Poor Law Records

History

The Poor Law Act of 1601 placed the responsibility for poor relief in the hands of each parish. Overseers of the Poor in each parish collected poor rates from occupiers of land and property. The money collected was then used to help the destitute. For example by apprenticing the childen of paupers. The aim was to try to prevent their children from becoming an additional burden on the parish when they grew up.

One example of individual parishes or Unions recognising the need to balance the level of financial assistance with the wider economic situation was the Speenhamland System of 1795. This created a sliding scale for the amount of outdoor relief, which related to the price of grain. The system under the Old Poor Law created several problems:

The system of payment was seen to encourage the growth of the 'idle poor'. those who could work, but refused.

Employers often paid deliberately low wages knowing that the Union or parish would supplement the wage.

Expenditure on poor relief was spiralling out of control because it was related to rapidly increasing demand rather than supply.

A Royal Commission in 1832, on whose report the Poor Law Amendment Act of 1834 was based, addressed the problems of the Old Poor Law. The Commissioners found that the problem was not one of poverty, or shortage of money, but pauperism. This idleness and drunkenness posed a threat to the fabric of society. The Commission concluded that the most effective way to eradicate pauperism at minium cost was to make conditions in the workhouse deliberately worse than those of the 'independent labourer of the lowest class'. The recommendations were to be implemented by a national Commission. Poor Law Unions were to be created by grouping together parishes, and those Unions would be the responsibility of a Board of Guardians. The Guardians were then responsible for the administration of poor relief for the locality, rather than leaving it in the hands of individual parishes and townships.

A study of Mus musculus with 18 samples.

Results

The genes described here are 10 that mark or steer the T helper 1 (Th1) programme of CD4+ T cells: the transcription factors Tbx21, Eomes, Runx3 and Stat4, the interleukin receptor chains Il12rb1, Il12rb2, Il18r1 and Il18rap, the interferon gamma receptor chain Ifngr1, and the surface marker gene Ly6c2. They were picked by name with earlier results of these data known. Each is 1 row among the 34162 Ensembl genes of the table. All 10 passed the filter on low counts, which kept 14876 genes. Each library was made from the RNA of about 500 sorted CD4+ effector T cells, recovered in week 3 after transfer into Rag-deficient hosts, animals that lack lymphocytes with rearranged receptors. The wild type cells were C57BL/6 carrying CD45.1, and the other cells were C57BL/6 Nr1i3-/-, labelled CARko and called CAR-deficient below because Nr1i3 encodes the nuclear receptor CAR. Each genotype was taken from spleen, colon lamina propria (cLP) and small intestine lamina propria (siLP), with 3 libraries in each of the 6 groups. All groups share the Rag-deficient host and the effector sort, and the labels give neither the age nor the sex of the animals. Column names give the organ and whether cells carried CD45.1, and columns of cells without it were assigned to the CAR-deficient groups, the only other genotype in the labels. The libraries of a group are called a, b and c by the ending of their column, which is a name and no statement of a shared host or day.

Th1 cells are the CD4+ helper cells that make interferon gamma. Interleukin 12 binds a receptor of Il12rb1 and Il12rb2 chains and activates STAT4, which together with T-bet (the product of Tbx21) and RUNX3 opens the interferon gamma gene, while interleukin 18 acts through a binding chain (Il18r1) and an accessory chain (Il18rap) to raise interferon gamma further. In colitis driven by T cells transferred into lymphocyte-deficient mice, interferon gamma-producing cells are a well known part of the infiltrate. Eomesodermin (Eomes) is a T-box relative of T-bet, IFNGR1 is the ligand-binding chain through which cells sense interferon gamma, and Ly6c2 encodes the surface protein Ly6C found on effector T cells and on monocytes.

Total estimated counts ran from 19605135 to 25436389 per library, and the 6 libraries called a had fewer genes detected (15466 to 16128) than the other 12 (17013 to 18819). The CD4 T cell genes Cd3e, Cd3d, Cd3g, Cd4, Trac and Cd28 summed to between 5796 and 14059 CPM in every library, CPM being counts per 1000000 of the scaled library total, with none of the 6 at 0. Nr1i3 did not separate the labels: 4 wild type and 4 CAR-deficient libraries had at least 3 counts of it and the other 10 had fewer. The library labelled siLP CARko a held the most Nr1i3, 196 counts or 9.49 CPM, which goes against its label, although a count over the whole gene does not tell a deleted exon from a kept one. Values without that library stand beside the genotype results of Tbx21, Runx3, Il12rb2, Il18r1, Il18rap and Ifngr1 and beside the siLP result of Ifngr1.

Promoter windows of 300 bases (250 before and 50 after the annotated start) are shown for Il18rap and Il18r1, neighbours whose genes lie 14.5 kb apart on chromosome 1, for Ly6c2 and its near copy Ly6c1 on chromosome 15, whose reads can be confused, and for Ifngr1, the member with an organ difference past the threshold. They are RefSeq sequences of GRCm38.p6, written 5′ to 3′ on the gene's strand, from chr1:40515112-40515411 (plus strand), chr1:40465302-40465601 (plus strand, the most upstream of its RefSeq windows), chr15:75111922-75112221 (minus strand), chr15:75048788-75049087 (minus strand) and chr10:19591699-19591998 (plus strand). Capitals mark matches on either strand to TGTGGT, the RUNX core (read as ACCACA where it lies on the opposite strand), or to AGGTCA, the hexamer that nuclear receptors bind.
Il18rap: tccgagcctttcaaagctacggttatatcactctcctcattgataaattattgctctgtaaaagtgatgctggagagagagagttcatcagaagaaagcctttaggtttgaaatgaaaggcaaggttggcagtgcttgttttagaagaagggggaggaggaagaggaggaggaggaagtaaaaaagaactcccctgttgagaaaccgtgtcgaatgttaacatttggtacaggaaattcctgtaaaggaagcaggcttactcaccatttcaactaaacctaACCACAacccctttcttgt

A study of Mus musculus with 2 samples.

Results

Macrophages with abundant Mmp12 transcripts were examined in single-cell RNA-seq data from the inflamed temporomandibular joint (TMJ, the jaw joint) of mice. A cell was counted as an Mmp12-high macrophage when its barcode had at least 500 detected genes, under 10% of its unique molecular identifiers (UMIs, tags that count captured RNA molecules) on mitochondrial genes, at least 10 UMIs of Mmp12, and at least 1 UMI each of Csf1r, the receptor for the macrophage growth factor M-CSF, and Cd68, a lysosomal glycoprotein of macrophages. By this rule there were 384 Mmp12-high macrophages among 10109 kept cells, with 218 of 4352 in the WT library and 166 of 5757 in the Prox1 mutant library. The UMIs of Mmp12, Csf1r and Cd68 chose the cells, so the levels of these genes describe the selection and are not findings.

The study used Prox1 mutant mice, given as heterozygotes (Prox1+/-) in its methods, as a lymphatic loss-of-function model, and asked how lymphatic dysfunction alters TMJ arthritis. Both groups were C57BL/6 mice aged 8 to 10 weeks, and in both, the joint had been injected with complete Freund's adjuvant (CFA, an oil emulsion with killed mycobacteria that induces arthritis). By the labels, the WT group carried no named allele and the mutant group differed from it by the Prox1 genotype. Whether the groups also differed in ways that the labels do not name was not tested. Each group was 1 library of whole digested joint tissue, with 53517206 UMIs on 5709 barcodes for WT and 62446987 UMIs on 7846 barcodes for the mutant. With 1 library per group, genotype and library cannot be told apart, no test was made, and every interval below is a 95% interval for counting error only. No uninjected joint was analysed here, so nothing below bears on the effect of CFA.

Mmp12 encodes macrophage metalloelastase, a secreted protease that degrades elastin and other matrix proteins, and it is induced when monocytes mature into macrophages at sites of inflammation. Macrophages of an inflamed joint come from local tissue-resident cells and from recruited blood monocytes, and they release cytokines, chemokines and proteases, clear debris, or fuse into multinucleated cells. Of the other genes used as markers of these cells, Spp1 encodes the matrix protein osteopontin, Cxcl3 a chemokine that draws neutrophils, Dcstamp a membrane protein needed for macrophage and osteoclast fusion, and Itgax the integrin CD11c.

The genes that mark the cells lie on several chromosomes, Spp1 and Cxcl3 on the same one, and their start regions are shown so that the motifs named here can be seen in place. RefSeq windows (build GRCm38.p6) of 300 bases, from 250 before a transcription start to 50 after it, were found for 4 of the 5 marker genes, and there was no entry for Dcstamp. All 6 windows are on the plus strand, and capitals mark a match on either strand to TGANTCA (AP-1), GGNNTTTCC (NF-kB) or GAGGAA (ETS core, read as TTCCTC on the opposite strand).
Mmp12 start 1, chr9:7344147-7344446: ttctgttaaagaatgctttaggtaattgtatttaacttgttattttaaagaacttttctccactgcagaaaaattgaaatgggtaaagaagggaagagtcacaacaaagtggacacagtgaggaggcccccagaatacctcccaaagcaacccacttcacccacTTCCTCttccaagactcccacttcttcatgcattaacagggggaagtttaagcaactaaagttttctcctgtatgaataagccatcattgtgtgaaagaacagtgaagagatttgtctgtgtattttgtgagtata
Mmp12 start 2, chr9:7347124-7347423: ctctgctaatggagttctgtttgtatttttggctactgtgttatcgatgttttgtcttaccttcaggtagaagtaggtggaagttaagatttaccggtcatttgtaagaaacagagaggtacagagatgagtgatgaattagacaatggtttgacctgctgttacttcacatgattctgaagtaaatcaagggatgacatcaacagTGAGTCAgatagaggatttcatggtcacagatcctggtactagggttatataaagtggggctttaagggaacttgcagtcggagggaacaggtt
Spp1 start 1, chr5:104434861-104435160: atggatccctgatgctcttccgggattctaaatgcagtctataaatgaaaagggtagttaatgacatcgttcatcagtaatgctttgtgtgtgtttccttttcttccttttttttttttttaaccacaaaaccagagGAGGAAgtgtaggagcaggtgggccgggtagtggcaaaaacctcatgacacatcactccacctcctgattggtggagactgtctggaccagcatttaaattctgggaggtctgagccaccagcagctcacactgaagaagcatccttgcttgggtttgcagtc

The two Poor Law Unions of Wigan and Leigh covered the Wigan Metro area:

Wigan Union

The Union was established on 2 February 1837 and included the twenty parishes listed below.

Abram, Ashton-in-Makerfield, Aspull, Billinge, Chapel End, Billinge Higher End, Blackrod, Dalton, Haigh, Hindley, Ince-in-Makerfield, Orrell, Parbold, Pemberton, Shevington, Standish-with-Langtree, Upholland, Wigan, Winstanley, Worthington, Wrightington.

The Union was subdivided into districts, each with a Relieving Officer and Collector; the records for Wigan, Standish and Hindley district officers survive. The Board of Guardians dissolved in 1929 and the workhouse premises in Frog Lane in Wigan was converted into a Welfare House.

Leigh Union

The Union was established on 26 January 1837. It comprised of an area covering the whole of the ancient parish of Leigh and part of that of Winwick.

Astley, Atherton, Bedford, Culcheth, Lowton, Pennington, Tyldesley with Shakerly, Westleigh.

There were workhouses in existence in Pennington, Culcheth, Tyldesley and Lowton, but a central workhouse at Atherleigh replaced these in the 1850s.

The Records

The bulk of records that are found in local records offices are those that were generated by the daily operations of Poor Law Unions such as minute books and receipt books. These records are of interest to a wide variety of historians: economic, social and political. Family Historians will probably be most interested in those records that contain personal information. Records that are most likely to contain substantial number of names of the general are listed below and can be viewed by appointment at the Archives in Leigh. If you wish to view the documents please contact the Archivist to make an appointment quoting the relevant reference codes below:

Wigan Union

Out-Relief Order Books 1891 - 1897 G/Wi/27
Claims for Expenditure for the maintenance of lunatics 1886 - 1891 G/Wi/19
Index to labour certificates for children 1883 - 1888 G/Wi/43
Poll Books for election of Guardians 1890 - 1892 G/Wi/52
Standish District Application and Report Books 1875 - 1878 1881 - 1882 1902 G/Wi/57b/134
Standish District Outdoor Relief Lists (incomplete) 1874 - 1902 G/Wi/57b/136
Wigan Outdoor Relief Lists Sept 1894 G/Wi/57c/136
Hindley District Collector of the Guardians Receipt and Payment Book 1892 - 1898 G/Wi/57a/148
Abram township Collector of the Guardians Receipt and Payment Book 1848 - 1867 G/Wi/57b/148
Vaccinators' Register 1899 - 1909 G/Wi/155
* Register of Inmates in the workhouse 1906 - 1949

Leigh Poor Law Union

* Asylum Reception Order 1892 - 1940 G/Lei/45
* Removal Orders 1898 - 1929 G/Lei/48

* These records are closed for 75 years.